Two US officials told the Associated Press Monday that preliminary evidence suggests the Boston suspects were motivated by religion.
However, it appears they were not tied to any Islamic fundamentalist groups, and worked alone.
The U.S. officials spoke Monday on condition of anonymity because they were not authorized to publicly discuss the investigation.
Some of the evidence may have come from the mosque the two suspects sometimes attended.
The Islamic Society of Boston Cultural Center says in a statement released Monday that Tamerlan Tsarnaev argued with a preacher during a service at its Cambridge mosque in November about U.S. holidays.
The center says he returned to services and in January called an elder a "hypocrite" for praising Martin Luther King Jr.
The center says congregants shouted at him, telling him to leave. The mosque says there were no further incidents after that, even as he continued attending prayers and services.
Surviving suspect formally charged
The U.S. Attorney General says the surviving suspect in the Boston Marathon bombings has been charged with conspiring to use a weapon of mass destruction against persons and property resulting in death.
We are also learning more about the possible motive for the bombings.
In a statement Monday, U.S. Attorney General Eric Holder detailed the charge against 19-year-old Dzhokhar Tsarnaev.
The charge carries a possible death sentence.
Tsarnaev made his initial court appearance in his room in Beth Israel hospital. He is listed in serious but stable condition.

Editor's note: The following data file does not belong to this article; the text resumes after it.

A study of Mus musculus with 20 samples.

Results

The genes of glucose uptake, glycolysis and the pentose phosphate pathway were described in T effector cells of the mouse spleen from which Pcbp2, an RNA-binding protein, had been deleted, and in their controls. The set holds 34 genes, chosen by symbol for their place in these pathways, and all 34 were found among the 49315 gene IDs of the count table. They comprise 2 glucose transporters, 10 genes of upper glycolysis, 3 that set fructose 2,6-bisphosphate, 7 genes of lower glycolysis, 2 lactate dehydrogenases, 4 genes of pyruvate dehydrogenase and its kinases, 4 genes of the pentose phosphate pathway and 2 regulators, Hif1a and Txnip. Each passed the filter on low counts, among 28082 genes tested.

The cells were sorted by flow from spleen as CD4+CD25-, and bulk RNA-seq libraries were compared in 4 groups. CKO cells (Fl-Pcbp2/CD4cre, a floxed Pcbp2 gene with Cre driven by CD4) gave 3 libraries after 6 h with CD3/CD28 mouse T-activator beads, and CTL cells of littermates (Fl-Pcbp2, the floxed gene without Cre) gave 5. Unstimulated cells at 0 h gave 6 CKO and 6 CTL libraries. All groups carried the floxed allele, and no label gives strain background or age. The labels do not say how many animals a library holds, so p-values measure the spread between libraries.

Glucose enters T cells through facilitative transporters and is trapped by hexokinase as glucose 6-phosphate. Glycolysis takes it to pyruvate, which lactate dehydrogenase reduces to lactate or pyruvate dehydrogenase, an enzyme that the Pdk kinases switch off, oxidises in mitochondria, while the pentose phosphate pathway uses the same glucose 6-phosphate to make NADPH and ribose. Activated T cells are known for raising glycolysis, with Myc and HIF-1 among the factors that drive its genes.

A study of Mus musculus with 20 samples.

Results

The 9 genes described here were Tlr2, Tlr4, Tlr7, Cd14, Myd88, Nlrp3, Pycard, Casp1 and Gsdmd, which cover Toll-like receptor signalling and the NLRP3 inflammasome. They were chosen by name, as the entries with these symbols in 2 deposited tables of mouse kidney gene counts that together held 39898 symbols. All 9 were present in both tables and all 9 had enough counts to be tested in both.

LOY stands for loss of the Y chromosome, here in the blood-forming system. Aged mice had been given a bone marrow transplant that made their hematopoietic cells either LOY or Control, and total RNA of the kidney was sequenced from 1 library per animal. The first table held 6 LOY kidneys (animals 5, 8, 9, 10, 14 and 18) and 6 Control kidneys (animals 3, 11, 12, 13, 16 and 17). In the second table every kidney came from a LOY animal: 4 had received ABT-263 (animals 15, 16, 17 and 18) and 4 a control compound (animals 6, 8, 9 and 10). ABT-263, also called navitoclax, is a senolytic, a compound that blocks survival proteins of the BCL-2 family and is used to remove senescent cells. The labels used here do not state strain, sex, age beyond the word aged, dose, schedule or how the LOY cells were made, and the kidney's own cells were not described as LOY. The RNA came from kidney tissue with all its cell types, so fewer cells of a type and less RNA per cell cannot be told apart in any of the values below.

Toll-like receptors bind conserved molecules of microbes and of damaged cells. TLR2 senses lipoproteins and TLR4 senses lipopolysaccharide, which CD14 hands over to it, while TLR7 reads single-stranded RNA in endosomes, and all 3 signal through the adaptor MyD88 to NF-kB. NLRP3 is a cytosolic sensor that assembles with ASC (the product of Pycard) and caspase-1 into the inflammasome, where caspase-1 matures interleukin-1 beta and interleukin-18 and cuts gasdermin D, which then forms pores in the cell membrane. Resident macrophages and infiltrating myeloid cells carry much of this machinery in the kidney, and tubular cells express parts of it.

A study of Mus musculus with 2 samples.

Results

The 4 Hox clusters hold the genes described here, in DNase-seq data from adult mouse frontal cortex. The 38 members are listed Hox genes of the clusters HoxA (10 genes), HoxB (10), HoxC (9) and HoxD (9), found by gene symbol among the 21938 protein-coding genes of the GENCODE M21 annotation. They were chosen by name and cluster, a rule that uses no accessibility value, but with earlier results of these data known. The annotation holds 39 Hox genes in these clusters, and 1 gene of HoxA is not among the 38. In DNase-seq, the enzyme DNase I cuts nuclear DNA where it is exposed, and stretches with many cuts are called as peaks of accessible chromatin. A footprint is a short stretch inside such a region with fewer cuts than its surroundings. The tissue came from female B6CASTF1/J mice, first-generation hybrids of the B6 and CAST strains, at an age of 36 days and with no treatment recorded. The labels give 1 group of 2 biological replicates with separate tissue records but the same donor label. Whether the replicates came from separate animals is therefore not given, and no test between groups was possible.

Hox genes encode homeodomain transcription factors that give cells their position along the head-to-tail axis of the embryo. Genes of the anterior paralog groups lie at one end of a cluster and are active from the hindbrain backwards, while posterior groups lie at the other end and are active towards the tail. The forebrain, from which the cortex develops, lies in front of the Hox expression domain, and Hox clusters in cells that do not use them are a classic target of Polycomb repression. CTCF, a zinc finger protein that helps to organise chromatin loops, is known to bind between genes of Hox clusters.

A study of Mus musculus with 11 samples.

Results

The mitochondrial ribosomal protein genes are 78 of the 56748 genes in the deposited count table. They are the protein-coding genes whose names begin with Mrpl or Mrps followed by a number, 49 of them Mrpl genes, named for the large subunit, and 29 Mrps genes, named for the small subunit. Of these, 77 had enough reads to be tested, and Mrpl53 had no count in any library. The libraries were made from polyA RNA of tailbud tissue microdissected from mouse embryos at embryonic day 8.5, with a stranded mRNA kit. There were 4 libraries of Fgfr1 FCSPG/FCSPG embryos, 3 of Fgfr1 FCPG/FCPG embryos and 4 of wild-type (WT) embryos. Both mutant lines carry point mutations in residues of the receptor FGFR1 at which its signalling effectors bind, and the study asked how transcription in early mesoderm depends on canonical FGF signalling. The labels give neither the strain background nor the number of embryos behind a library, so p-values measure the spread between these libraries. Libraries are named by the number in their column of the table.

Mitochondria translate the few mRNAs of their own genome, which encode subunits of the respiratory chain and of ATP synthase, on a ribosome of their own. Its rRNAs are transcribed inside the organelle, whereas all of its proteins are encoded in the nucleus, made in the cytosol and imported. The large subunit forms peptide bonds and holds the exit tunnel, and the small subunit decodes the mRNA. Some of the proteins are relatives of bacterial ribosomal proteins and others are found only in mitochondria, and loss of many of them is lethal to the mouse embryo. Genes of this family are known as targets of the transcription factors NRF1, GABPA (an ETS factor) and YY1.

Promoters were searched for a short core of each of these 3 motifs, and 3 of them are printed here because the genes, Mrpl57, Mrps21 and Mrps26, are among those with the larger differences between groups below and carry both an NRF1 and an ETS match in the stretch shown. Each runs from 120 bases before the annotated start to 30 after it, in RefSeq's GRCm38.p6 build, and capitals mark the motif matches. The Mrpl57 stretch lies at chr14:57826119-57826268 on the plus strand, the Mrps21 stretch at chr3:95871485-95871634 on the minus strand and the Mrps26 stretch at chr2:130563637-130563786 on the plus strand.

Officials say Tsarnaev and his older brother set off the twin explosions at Monday's marathon, killing three people and injuring more than 180 others.
Officials said it was not an arraignment.
The White House said on Monday that the Obama administration will not treat Tsarnaev as an "enemy combatant."
Tsarnaev also is likely to face state charges in connection with the fatal shooting of MIT police officer Sean Collier in Cambridge, said Stephanie Guyotte, a spokeswoman for the Middlesex District Attorney's office.
Many Boston residents headed back to workplaces and schools for the first time since a dramatic week came to an even more dramatic end. Traffic was heavy on major arteries into the city Monday morning, and nervous parents dropped their children off at schools, some for the first time since the attacks.
Authorities on Friday had made the unprecedented request that residents stay at home during the manhunt for suspect Dzhokhar Tsarnaev. He was discovered that evening hiding in a boat covered by a tarp in suburban Watertown.
Tsarnaev is a naturalized U.S. citizen. Carney says that under U.S. law U.S. citizens cannot be tried in military commissions. White House Spokesman Jay Carney says that since Sept. 11, 2001, the federal court system has been used to convict and incarcerate hundreds of terrorists.
Tsarnaev and his older brother and suspected co-conspirator, Tamerlan Tsarnaev, were born in southern Russia.